Friday, July 18, 2014

Invasion of the Body Snatchers Review

While brushing up on some classics, I finally got around to watching the original Invasion of the Body Snatchers (1956).  This eerie landmark piece of cinema had a huge cultural impact and is still viewed today as a political allegory of its time. I knew of its historical significance and was eager to see it for myself. Past experience of 1950's cinematography caused me to brace myself for something delightfully cheesy, but this was a solid film that has withstood the test of time.
Dr. Miles Bennell (Kevin McCarthy) returns to his small town practice to find several of his patients are all suffering the same paranoid delusion that their friends or relatives are impostors. He is initially skeptical, especially when the alleged doppelgangers are able to answer detailed questions about their lives. But Bennell is eventually persuaded that something odd has happened and determines to find out what is causing this phenomenon. Joined by his old girlfriend, Becky Driscoll (Dana Wynter), they discover alien plant pods that eventually produce a duplicate replacement of one of the town's human citizenry. As the pods reach full development, their "seed" assimilates the physical characteristics, memories, and personalities of the humans but are devoid of emotion. Together Dr. Bennell and Becky race against the growing invasion to warn others of the impending threat.
Having aliens from space that look and act just like everyone else was innovative during an era where movie monsters were giant bugs, ghouls, and bloodsucking vampires. Instead of having an obvious enemy to fear and fight, the horror was obfuscated aliens which were indistinguishable from our friends and family. Having shape shifting enemies that look and act just like us is common in modern movies and television shows. Invasion of the Body Snatchers might not have been the first ones to do it, but it is certainly portrayed in the most impactful way early on in movie history. We have this movie to thank for all later aliens hiding in plain sight as humans.
Invasion of the Body Snatchers hit theaters during the height of McCarthyism when everyone feared unknown communist spies and a soviet takeover of the United States. Earlier movies depicted aliens representing the threat of other countries invading, but this movie depicted a subtler invasion of political ideals; anyone could be a communist, even your next door neighbor. Many people see the emotionless doppelgangers as an allegory for the loss of personal autonomy in the communist systems. Others saw in the story a commentary on the dangers facing America for turning a blind eye to the tyranny of  McCarthyism, or of a bland conformity in post Eisenhower-era America. It's applicable no matter how it is interpreted, and it truly is depicted a harrowing way. There's a scene towards the end of the movie where Dr. Bennell is franticly trying to get people to recognize the impending threat and pleading for them to take any kind of action against it. He yells, "Look, you fools, you're in danger! Can't you see?! They're after you! They're after all of us! Our wives, our children, everyone! THEY'RE HERE, ALREADY! YOU'RE NEXT!" As he screams the last lines he looks directly into the camera at the audience, trying to warn us, too. Even now, this is a chilling scene.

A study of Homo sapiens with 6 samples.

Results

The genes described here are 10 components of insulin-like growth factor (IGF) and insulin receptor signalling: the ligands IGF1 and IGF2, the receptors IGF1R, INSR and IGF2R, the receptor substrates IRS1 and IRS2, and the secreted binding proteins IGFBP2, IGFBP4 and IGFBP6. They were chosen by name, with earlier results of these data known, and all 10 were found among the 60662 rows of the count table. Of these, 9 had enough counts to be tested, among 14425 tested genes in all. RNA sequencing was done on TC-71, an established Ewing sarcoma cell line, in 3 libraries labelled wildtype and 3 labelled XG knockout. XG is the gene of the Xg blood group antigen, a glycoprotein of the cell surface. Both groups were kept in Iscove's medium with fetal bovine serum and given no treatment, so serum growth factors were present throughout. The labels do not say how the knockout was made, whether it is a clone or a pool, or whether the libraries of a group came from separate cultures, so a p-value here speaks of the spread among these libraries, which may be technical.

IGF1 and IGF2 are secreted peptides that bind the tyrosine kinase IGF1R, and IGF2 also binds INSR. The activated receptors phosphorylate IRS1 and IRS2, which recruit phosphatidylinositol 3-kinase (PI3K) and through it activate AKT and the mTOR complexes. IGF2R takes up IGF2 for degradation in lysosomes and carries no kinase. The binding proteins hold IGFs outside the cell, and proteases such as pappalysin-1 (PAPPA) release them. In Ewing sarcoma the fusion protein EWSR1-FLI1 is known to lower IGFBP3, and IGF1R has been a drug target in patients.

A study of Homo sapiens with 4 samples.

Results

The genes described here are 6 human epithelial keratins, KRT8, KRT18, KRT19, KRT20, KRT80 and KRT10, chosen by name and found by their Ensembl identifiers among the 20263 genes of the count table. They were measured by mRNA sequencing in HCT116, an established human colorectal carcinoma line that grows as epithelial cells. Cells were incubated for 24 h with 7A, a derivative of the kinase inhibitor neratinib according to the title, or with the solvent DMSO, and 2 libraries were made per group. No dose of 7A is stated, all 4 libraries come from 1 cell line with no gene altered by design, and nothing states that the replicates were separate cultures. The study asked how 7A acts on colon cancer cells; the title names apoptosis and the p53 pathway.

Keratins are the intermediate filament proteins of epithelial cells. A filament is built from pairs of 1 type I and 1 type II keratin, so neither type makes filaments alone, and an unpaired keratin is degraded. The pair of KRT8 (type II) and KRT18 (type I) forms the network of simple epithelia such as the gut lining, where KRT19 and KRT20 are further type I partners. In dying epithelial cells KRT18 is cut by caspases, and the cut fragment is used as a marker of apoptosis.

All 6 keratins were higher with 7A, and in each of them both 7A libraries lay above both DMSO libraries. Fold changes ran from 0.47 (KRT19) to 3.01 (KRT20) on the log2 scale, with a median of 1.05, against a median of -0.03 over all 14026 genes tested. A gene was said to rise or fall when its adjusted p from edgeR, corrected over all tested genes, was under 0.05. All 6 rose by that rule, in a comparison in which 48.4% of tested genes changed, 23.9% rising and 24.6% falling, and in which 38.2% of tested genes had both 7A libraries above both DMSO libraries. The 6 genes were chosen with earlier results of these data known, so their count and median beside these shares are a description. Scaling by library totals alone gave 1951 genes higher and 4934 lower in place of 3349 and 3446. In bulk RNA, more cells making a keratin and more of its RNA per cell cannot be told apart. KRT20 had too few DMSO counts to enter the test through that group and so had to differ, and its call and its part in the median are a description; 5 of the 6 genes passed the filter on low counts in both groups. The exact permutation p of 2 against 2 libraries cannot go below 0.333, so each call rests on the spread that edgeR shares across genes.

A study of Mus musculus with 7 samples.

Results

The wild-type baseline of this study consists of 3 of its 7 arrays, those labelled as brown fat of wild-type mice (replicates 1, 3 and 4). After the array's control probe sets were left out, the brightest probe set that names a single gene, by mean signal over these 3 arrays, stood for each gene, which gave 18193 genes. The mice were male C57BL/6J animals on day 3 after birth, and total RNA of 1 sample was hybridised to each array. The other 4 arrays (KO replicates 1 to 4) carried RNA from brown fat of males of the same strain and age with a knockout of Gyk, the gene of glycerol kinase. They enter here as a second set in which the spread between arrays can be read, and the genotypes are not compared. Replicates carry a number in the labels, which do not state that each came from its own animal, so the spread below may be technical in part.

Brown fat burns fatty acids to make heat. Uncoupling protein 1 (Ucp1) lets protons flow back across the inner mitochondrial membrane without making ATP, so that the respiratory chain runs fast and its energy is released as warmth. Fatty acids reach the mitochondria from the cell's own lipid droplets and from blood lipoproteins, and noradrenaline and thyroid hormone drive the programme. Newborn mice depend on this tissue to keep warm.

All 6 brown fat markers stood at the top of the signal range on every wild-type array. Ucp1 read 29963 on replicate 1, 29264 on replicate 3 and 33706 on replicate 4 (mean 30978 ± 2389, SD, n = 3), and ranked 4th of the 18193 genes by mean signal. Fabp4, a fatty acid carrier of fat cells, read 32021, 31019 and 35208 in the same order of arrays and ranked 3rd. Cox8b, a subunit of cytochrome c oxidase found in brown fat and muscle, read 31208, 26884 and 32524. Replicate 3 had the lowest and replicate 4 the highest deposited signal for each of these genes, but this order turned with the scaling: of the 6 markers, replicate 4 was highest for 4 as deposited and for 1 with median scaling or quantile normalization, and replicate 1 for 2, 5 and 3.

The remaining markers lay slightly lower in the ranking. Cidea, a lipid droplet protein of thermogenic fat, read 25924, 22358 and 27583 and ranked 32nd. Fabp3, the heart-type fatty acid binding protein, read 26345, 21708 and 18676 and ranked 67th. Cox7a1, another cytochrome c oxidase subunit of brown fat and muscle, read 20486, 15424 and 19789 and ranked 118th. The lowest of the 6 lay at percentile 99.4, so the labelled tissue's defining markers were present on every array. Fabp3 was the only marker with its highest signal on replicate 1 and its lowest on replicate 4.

The script was very well written; it didn't pander to the audience or spend unnecessary amounts of time with the characters wondering what is happening or what could be done. For a 1950's film, this is pretty fast paced. The plot unfolds gradually and logically, the plot points are clear and understandable, the characters are well written. Even Becky wasn't depicted as a panicky woman who is only present to scream at things that don't involve housework; she's not all that helpful, but she's a more progressive female protagonist than most were in that time period. The camera work was also impressive; it used some excellent angles  to capture action. There was frequently something to focus on in the foreground while action was happening in the background. The use of lighting created a eerie sense of foreboding that permeated most scenes. This movie is superior visually to most movies of its day and also in terms of the story.
Invasion of the Body Snatchers is a sci-fi classic that has spawned many rip-offs trying to capitalize on its success, as well as three remakes. The script is good, the camera work is above average, and the themes are fascinating. The fear and paranoia this movie exudes is remarkable and still gave me the chills today. It's no wonder this movie has withstood the test of time. I highly recommend seeing Invasion of the Body Snatchers.  It's currently (as of writing this) on NetFlix Instant Play. I liked this enough to want my own copy. I'm also curious to see how the remakes stand up to the original.

The remakes of Invasion of the Body Snatchers include the 1978 version of the same name which stars Donald Sutherland, 1993's Body Snatchers, and 2007's The Invasion starring Nicole Kidman and Daniel Craig. Have you seen any these four Body Snatcher movies? Do you have a favorite? Comment below and tell me why!